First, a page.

Wearing tight jeans is not an invitation to a sexual encounter. Indeed, nothing a person does, says, or wears makes that person in any way responsible for their own harassment, assault, or other victimization – including trafficking.
That’s the short version of the message of Denim Day, an internationally-recognized day to support survivors of sexual violence and bring awareness to the issue of victim-blaming. Human trafficking survivors know this issue all too well. Many are dealing with criminal records that are the direct result of their having been victimized and forced into committing crimes by a trafficker – a very tangible form of victim-blaming. But the mental health and emotional aspects of being treated as if you are at fault for your own sexual assault are equally damaging to people who have experienced trafficking and the manipulations traffickers deploy so expertly to make victims believe they are making their own choices.
Victim-blaming relies on the perception that the person had a choice – that they made a wrong decision that led to their trafficking situation. But human trafficking is never the victim’s fault. It can show up in any number of scenarios, including supposedly therapeutic environments or when interacting with law enforcement. It often looks like questioning what a survivor could have, or should have, done differently to “prevent” their trafficking situation – such as not engaging in commercial sex, having irregular immigration status, or accepting a job that turns out to be a trafficking scam.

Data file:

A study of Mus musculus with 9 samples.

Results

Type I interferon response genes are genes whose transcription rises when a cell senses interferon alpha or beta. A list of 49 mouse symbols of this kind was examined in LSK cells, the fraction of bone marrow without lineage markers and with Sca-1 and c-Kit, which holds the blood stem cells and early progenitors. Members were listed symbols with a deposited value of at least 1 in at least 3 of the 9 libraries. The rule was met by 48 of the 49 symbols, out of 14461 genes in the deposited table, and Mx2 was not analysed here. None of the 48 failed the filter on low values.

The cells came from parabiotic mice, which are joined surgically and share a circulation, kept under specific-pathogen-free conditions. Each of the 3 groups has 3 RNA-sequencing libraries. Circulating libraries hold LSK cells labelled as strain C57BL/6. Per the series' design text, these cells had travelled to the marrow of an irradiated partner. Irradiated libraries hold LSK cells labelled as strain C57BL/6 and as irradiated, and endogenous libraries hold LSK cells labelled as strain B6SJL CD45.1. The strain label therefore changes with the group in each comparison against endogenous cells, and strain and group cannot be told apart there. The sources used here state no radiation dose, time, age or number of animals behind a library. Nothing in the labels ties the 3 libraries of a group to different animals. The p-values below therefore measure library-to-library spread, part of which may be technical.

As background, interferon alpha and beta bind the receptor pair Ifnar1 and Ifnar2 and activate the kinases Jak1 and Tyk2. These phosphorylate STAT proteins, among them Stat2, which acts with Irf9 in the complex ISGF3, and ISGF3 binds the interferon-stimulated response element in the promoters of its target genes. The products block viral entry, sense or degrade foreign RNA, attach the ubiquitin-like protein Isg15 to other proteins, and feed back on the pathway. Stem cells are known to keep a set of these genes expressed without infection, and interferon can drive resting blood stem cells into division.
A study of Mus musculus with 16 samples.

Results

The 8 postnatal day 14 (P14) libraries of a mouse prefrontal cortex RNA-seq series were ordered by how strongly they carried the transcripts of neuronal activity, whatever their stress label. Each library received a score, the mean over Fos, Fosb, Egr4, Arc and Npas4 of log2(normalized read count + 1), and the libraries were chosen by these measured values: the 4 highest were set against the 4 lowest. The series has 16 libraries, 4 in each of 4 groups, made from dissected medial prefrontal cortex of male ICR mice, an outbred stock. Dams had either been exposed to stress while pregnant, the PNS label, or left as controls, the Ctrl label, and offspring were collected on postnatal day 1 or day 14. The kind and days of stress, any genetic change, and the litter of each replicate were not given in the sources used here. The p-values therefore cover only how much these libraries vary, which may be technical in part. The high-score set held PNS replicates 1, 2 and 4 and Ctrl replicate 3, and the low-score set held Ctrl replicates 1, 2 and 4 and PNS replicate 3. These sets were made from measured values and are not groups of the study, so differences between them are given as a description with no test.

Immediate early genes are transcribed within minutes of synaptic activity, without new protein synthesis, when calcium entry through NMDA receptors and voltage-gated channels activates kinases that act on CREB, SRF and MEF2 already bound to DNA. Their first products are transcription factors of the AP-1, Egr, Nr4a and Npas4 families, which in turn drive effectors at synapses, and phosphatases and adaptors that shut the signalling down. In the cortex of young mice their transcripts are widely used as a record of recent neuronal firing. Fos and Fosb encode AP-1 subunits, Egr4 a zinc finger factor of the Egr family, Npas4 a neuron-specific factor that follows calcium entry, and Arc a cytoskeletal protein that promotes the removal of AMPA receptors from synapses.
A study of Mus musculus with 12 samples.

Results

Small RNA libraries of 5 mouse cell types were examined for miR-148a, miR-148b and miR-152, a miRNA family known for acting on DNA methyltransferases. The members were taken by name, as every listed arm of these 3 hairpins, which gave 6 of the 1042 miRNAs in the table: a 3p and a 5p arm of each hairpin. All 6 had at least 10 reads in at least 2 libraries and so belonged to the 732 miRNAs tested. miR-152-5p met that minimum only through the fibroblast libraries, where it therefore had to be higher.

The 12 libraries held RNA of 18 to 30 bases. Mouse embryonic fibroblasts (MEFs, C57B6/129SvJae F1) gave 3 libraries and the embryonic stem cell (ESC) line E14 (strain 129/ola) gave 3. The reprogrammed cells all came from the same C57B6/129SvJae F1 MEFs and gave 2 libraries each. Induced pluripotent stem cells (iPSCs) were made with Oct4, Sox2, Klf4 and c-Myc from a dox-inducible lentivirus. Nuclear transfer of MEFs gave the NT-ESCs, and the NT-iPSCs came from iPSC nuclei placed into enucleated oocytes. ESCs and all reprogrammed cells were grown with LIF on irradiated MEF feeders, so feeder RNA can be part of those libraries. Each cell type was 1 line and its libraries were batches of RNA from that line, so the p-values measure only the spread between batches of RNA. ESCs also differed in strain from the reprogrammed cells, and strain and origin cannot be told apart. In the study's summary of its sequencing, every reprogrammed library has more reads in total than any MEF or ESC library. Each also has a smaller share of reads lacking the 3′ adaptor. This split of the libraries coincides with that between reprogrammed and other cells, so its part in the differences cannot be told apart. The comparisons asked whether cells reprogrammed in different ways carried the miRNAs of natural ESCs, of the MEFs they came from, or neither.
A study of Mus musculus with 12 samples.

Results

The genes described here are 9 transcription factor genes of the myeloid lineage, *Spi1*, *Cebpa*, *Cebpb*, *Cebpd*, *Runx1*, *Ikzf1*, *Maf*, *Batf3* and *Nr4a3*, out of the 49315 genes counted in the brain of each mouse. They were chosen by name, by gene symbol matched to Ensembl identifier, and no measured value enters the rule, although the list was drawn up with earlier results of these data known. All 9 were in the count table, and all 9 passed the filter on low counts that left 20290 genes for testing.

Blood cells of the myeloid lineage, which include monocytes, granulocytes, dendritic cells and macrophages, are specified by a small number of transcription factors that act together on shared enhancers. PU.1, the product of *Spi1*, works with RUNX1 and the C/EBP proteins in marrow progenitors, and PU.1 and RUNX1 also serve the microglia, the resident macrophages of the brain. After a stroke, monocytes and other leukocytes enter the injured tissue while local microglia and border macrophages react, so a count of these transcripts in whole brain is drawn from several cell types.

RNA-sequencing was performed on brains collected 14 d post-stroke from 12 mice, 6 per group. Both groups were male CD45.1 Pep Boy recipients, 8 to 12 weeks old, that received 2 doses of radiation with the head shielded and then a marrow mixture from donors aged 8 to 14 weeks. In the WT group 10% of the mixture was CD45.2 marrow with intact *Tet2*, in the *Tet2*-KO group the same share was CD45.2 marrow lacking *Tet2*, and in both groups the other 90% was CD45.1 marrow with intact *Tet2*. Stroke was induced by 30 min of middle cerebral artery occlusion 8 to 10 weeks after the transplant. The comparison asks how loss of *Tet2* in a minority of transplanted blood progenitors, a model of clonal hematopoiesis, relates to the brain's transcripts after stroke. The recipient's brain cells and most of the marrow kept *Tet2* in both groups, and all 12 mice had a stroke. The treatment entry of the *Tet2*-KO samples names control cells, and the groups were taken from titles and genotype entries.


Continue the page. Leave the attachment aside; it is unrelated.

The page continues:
Unfortunately, what protects one person’s emotional well-being can have an extremely harmful, real world effect on others. This is particularly true when trafficking survivors are blamed for their own victimization. This social stigma and the fear of not being believed may prevent them from seeking help or resources after they leave their situation. The internalization of that blame could make survivors think they did do something wrong, and they might not see themselves as deserving of help.
This potential tragedy is compounded by the fact that people who are blamed for their abuse report greater distress, increased depression, worsened symptoms of anxiety, and more complicated post-traumatic stress disorder. Holding survivors responsible for the exploitation they endured or insinuating that they had a choice in being trafficked is unfair. It’s time to change the culture around victim-blaming. YOU can help by examining your own thoughts and reactions to victims of these crimes. Challenge yourself and your friends to recognize the harm this blame has on survivors and stop viewing survivors as responsible for their trafficking situations.